Banks to roll out incentives for depositors

Source: Banks to roll out incentives for depositors | Herald (Top Stories)

Dr Mangudya

Zvamaida Murwira 

Senior Reporter 

The Reserve Bank of Zimbabwe and the banking sector are coming up with the nuts and bolts of interest payments on demand deposits to encourage people to deposit money in banks, rather than bury it under their pillows, RBZ Governor Dr John Mangudya told a Parliamentary committee this week.

Dr Mangudya told the Parliament’s portfolio committee on Finance, Budget and Economic Development that RBZ had finalised consultations with the Bankers Association of Zimbabwe and would soon be able to make the required announcement. 

The committee, chaired by Buhera Central MP Dr Mathew Nyashanu (ZANU PF), wanted to know what the Reserve Bank was doing to compel businesses to deposit takings in banks instead of keeping it under their pillows. 

“We are working on incentives together with the Bankers Association of Zimbabwe to encourage people to make deposits. We shall soon be making the necessary announcement. We will be paying interest on those that deposit money in banks to encourage people,” said Dr Mangudya.

Dr Mangudya said the RBZ assessment was that most people used alternative methods rather than banking their money in order to preserve value of their money. So the bank wanted incentives for depositors.

Turning to the general economy, he said the future of the economy was good given this year’s bumper harvest and the fact that inflation has been tamed. Banks were in good shape and the currency and exchange rate were stable.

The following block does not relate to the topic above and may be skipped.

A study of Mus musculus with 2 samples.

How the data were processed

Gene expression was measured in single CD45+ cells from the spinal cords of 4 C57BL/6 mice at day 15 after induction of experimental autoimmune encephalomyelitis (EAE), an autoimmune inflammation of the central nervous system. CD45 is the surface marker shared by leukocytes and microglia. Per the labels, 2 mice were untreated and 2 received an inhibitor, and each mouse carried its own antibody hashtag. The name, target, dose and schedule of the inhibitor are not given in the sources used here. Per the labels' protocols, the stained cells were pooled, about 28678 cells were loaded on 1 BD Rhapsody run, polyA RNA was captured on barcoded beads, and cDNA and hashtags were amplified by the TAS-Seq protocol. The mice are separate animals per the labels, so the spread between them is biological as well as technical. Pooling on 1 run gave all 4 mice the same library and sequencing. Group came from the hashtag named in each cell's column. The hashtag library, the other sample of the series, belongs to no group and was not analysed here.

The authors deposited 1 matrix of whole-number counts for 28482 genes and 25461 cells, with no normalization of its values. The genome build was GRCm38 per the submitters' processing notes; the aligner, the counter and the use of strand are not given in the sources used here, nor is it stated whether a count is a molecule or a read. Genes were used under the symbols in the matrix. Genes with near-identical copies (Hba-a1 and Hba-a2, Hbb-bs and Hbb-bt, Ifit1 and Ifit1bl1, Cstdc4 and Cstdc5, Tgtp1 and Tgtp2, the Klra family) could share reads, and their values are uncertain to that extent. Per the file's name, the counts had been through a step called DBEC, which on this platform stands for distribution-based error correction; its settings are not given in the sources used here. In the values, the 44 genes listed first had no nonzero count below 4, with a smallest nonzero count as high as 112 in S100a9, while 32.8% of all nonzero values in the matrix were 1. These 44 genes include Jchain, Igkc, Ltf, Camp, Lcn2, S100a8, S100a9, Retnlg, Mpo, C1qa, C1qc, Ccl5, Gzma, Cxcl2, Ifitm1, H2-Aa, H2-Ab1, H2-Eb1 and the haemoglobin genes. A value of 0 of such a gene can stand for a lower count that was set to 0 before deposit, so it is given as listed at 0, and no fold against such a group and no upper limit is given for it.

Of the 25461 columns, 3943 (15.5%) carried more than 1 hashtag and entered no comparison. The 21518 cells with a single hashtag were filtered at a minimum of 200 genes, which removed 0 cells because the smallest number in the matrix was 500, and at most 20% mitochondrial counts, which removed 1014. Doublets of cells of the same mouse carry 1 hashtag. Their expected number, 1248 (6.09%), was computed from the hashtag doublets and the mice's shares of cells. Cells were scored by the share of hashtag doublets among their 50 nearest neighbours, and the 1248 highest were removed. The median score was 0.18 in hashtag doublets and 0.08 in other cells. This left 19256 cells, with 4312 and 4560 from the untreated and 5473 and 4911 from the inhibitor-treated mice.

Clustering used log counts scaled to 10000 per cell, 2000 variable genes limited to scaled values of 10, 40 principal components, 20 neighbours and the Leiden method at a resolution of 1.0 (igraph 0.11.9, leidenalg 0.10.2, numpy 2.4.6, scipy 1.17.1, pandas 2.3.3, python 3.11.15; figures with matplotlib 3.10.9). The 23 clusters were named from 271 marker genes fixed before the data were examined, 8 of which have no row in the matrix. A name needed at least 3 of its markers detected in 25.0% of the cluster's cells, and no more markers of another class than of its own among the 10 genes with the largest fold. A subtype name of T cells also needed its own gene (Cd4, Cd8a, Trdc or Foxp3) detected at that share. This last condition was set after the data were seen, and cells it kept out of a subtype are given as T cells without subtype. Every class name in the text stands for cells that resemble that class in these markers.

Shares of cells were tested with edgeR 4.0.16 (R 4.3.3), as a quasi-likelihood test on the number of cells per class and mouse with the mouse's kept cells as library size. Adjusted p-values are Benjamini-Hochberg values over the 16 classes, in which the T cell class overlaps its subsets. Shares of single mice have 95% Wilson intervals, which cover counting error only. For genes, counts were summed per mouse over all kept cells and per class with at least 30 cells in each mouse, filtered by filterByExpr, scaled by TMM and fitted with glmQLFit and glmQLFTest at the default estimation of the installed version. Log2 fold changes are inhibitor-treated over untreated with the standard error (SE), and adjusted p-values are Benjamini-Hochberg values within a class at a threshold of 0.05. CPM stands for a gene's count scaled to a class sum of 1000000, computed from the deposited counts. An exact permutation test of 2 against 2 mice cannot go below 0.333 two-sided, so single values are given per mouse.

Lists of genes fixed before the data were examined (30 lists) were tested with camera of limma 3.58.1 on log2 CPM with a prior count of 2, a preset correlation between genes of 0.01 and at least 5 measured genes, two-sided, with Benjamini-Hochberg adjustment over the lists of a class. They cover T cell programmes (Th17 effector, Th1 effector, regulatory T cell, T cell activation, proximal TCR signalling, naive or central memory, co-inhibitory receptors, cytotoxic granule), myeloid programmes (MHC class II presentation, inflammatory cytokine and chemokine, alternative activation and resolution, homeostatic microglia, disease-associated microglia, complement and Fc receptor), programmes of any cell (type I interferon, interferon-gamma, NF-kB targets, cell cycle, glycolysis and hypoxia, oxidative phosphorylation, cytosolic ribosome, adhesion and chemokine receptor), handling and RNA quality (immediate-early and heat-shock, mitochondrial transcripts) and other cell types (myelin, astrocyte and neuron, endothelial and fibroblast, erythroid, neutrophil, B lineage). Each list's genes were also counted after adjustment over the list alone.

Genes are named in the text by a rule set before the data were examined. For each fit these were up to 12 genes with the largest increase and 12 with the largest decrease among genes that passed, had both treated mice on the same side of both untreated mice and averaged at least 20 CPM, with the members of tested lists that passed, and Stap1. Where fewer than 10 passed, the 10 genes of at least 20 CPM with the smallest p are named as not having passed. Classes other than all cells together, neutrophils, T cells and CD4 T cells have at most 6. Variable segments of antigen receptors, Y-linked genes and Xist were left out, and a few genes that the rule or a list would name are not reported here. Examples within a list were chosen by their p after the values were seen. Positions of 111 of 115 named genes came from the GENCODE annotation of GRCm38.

“We are in the right direction to achieve National Development Strategy 1. Dams are full. The future is looking bright for Zimbabwe. Farmers and industry are doing well. We continue to pray that we continue to work as a team. Our strategy dovetails with Government aspirations,” said Dr Mangudya.

When called, Zimra acting Commissioner General, Mr Rameck Masaire said tax compliance by businesses was not pleasing and he wanted people to have a culture of voluntary tax compliance. “Tax compliance is at 33 percent versus an ideal position of not less than 70 percent. The 70 percent is the international benchmark,” said Mr Masaire. 

Zimra was now buying drones to help defeat smuggling and was keen to get scanners but budgetary constraints remain a challenge.

Zimra had requested an annual budget of $5 billion but was allocated $2,5 billion while it asked for US$38 million but was allocated around US$4 million to cover foreign currency requirements.